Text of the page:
In the last few years, artificial intelligence and machine learning has taken a big leap in sophistication. AI-powered technologies already run many things we take for granted, from GPS navigating apps to financial trading. Many of the largest tech companies like Google and IBM are pouring billions of dollars in AI and machine learning research. According to the latest data from the International Data Corp (IDC) projects, worldwide spending on AI systems will hit $12.5 billion in 2017, an increase of nearly 60% from 2016. IDC projects this global spending to increase at a compound annual growth rate of 54.4% through 2020, when total revenues will reach $46 billion.
What was once in the realm of science fiction has become a near certain reality. Presently many AI applications are designed for specific tasks that keep the technology dependent on man. But companies are also trying to create artificial intelligence that’s closer to human intelligence, and it is doubtful they will stop there. This exponential change harnessed properly could hold the answers to many of our big problems.
But the rate of technological change we have experienced in the last 10 years is now exceeding our ability to adapt as individuals and especially by our governments. So much so that billionaire techies Elon Musk and Bill Gates have expressed fear of the advancement of AI when it gets to the point where artificial minds exceed the abilities of man. And physicist extraordinaire Stephen Hawking has famously stated that the rise of artificial intelligence “could spell the end of the human race.” Legendary science fiction author Isaac Asimov foresaw these future ethical dilemmas and introduced The Three Laws of Robotics in his 1942 short story “Runaround”. The Three Laws, quoted as being from the “Handbook of Robotics, 56th Edition, 2058 A.D.”, are:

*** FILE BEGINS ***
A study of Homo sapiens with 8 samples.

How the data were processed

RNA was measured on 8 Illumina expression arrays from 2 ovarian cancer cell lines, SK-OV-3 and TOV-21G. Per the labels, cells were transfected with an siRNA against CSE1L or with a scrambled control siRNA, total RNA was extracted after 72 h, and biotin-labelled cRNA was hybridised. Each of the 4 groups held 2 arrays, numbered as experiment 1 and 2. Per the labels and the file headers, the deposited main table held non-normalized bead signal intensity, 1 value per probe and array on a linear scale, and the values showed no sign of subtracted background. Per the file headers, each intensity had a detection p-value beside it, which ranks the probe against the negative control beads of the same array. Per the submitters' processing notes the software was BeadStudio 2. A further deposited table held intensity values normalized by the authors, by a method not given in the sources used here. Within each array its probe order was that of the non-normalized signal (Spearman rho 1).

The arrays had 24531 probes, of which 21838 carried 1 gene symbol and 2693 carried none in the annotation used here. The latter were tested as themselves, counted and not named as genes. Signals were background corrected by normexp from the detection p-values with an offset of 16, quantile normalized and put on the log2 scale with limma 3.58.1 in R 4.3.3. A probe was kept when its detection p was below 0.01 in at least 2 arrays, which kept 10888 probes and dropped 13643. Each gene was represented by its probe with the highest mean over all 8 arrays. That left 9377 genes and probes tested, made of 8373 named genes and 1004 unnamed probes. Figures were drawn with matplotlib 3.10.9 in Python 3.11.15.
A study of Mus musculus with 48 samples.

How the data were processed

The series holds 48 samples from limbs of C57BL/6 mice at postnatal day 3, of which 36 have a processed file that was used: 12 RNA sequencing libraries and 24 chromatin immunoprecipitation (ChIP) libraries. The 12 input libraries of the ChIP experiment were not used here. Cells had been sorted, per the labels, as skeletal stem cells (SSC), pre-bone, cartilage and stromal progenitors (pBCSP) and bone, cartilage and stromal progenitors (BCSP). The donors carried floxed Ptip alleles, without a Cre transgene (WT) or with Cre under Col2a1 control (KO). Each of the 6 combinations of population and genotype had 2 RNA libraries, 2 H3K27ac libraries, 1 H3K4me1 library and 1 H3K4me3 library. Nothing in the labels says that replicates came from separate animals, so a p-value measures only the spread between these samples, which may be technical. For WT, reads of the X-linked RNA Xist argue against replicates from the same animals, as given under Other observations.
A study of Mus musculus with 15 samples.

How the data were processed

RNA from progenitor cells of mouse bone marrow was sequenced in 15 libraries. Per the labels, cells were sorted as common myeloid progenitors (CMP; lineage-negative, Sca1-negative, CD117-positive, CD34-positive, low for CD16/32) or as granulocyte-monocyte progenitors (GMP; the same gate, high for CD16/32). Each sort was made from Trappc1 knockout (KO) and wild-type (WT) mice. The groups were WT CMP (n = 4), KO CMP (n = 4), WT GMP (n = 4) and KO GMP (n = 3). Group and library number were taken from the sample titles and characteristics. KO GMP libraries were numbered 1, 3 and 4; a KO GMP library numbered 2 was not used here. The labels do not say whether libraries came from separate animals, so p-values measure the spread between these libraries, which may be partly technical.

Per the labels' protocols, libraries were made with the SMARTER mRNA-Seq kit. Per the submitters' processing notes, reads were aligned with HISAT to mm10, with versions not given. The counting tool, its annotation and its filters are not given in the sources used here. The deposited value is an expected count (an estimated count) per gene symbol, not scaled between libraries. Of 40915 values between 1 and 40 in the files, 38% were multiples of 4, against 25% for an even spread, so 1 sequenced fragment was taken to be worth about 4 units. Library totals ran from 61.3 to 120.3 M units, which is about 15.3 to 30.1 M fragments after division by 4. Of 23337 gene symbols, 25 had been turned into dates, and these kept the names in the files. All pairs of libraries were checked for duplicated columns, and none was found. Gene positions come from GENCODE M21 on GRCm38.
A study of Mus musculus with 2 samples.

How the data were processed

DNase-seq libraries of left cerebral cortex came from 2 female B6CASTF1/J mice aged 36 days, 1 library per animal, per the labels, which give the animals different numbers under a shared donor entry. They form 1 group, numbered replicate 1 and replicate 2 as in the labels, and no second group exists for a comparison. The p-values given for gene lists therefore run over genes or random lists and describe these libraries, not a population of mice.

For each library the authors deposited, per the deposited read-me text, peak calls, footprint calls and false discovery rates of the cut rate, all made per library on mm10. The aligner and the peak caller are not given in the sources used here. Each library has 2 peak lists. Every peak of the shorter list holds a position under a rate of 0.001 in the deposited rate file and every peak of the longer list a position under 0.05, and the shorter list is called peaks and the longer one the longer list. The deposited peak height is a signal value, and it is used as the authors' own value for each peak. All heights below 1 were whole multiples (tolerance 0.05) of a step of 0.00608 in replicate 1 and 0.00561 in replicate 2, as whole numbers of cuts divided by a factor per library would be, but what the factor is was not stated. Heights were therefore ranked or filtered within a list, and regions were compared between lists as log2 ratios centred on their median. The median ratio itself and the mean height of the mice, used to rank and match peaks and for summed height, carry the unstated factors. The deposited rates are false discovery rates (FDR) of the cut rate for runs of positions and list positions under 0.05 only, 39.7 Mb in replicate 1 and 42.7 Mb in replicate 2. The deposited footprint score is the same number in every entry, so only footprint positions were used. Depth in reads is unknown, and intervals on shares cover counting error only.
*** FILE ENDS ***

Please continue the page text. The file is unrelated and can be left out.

- A robot may not injure a human being or, through inaction, allow a human being to come to harm.
- A robot must obey the orders given it by human beings except where such orders would conflict with the First Law.
- A robot must protect its own existence as long as such protection does not conflict with the First or Second Laws.
Now as we see major advancements in AI and machine learning everyday visionaries are getting more alarmed about how putting in safeguard guidelines that ensure the safe and beneficial use of direct brain-machine interaction. A recent paper by Wyss Center: “Help, hope and hype: ethical dimensions of neuroprosthetics” published in Science believes a semi-autonomous robot must have a reliable control or override mechanism. Without this override a person might be considered negligent if for example they used the robotdrops a baby it picked up. The authors propose that any semi-autonomous system should include a form of veto control – an emergency stop – to help overcome some of the inherent weaknesses of direct brain-machine interaction. Professor John Donoghue, Director of the Wyss Center for Bio and Neuroengineering in Geneva, Switzerland comments in the paper that: “We don’t want to overstate the risks nor build false hope for those who could benefit from neurotechnology. Our aim is to ensure that appropriate legislation keeps pace with this rapidly progressing field.”